China successfully tests 500-ton solid rocket engine
To meet demand for manned moon landings, deep space missions: developers
Published: Oct 19, 2021 07:49 PM
Photo: courtesy of CASC

Photo: screenshot of CCTV news

Closely following the heart-stopping and spectacular launch of the Shenzhou-13 manned spacecraft on Saturday, China has made another breakthrough in its aerospace technology, as researchers at the Academy of Aerospace Solid Propulsion Technology (AASPT) announced on Tuesday they conducted a successful running test of a domestically developed solid rocket engine, with a thrust of more than 500 tons, in Xi'an, capital of Northwest China's Shaanxi Province, setting a world record in the field, 

The Global Times learned from the AASPT, which is affiliated with state-owned aerospace giant China Aerospace Science and Technology Corp (CASC), that the 3.5-meter-diameter solid engine's fuel load reached 150 tons. 

The successful test signals significant progress in China's solid carrier rocket technology and lays the foundation for the development of large-scale, heavy-lift launch vehicle technology.

The development of the 500-ton thrust solid engine has entered the engineering application stage, while the landmark test opened up a key technology link for the development of China's 1,000-ton solid thrust engine, the academy said in a statement sent to the Global Times.

Photo: courtesy of CASC

Photo: courtesy of CASC

The research and development of rocket engine technology has led the development of launch vehicles, with several steps along the way. 

In 2009, China developed a 2-meter-diameter, 120-ton-thrust solid engine, a record at that time, which directly pushed forward the development of the country's first solid carrier rocket, the Long March-11. 

In 2016, by successfully linking 120-ton thrust engines, the country's first bundled solid booster launch vehicle - the Long March-6A - won state approval for development.

In 2019, the roll-out of a 2.6-meter-diameter, 200-ton-thrust solid engine drove the project approval of the development of the Smart Dragon-3 (SD-3) commercial carrier rocket.

As the latest member of the CALT Smart Dragon commercial rocket family, the SD-3 gained project approval on December 31, 2020, and China will launch the new make through a seaborne platform in the first half of 2022, Jiang Jie, a CALT rocket expert, told the Global Times.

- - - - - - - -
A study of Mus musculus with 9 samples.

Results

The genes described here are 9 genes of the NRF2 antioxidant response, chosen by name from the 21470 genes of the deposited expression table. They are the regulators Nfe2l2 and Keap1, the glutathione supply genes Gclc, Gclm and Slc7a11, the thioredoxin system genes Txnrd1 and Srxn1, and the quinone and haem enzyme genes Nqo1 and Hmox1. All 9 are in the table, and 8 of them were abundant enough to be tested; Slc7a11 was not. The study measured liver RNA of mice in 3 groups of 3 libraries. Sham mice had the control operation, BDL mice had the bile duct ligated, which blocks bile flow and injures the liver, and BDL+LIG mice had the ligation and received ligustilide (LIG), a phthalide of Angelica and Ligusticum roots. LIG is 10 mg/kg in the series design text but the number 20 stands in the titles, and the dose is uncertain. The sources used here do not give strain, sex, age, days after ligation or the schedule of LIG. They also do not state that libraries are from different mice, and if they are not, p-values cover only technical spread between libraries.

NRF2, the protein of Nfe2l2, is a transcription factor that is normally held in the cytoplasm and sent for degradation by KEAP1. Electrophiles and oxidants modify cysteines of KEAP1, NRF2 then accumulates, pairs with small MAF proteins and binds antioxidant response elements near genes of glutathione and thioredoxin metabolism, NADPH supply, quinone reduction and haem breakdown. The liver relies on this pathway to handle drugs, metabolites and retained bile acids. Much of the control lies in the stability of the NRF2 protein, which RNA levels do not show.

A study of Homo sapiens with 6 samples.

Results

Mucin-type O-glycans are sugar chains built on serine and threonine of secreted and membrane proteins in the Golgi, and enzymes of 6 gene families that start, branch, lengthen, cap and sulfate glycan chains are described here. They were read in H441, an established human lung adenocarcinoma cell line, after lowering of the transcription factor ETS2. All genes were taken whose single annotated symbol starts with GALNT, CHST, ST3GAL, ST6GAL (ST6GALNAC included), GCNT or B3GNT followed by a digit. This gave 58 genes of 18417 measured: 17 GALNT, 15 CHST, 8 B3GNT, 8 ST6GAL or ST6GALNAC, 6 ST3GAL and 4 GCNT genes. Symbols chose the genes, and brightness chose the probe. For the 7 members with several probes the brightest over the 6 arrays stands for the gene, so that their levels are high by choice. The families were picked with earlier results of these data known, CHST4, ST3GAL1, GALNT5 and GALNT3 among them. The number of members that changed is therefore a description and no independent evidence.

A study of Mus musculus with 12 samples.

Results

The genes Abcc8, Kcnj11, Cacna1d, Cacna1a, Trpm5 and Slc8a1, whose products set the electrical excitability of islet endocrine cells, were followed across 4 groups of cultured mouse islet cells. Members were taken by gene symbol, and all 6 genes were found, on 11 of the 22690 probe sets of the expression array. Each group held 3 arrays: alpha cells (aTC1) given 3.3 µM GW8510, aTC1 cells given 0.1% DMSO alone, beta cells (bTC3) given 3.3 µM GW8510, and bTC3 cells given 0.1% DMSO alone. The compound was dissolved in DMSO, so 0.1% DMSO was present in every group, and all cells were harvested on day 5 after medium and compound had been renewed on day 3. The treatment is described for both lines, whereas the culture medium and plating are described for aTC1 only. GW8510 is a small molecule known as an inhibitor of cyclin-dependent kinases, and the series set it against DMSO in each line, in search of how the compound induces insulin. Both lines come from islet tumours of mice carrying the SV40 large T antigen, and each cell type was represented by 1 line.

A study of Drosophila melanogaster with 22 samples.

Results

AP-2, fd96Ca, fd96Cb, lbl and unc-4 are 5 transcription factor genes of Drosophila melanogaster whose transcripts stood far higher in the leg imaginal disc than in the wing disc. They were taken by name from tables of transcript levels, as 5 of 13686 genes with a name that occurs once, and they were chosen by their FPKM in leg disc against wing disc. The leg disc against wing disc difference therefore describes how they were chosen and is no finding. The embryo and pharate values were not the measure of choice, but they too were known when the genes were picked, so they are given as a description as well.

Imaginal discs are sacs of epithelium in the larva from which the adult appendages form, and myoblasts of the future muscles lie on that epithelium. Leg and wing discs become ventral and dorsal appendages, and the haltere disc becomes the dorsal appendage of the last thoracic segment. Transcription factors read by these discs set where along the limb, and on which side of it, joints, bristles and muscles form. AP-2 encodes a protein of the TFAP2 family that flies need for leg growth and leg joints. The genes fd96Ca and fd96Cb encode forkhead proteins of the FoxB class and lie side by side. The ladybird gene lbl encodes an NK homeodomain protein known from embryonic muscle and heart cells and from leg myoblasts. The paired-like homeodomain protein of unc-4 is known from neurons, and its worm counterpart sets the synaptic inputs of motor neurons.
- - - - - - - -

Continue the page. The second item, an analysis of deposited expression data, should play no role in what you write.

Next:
According to CALT, the 2.64-meter-diameter SD-3 with a 3.35-meter-diameter nose cone is the largest and strongest in the Smart Dragon rocket series. It is capable of sending a payload of 1.5 tons into 500-kilometer sun-synchronous orbit.

Jiang, who is also an academician of the Chinese Academy of Sciences, revealed that the SD-3 aims to meet the market need for launches of large-scale commercial satellite constellations, as it is capable of sending as many as 20 satellites in one go.

The SD-3 would reduce the unit cost of payloads to $10,000 per kilogram, said CALT, highlighting the model's strong market competitiveness.

Researchers with the academy told the Global Times on Tuesday that they believe the new 500-ton thrust engine offers more options for large and heavy-lift carrier rockets.

Observers said that the running test of the powerful solid engine set a new high in the field, lifting China's large-scale solid rocket engine technology to world-leading levels, and will provide China's new solid carrier rockets with more powerful and cost-effective advanced power. It will also significantly enhance the competitiveness of solid rockets in the commercial space launch market.

Based on the single 500-ton-thrust solid engine, the academy has set out to research a 3.5-meter-diameter five-stage engine, which would provide a total thrust of more than 1,000 tons, which is expected to be applied in the boosters of large and heavy-lift engines. 

Such new technology would meet the demand of China's space program such as manned moon landings and deep space exploration, the academy revealed.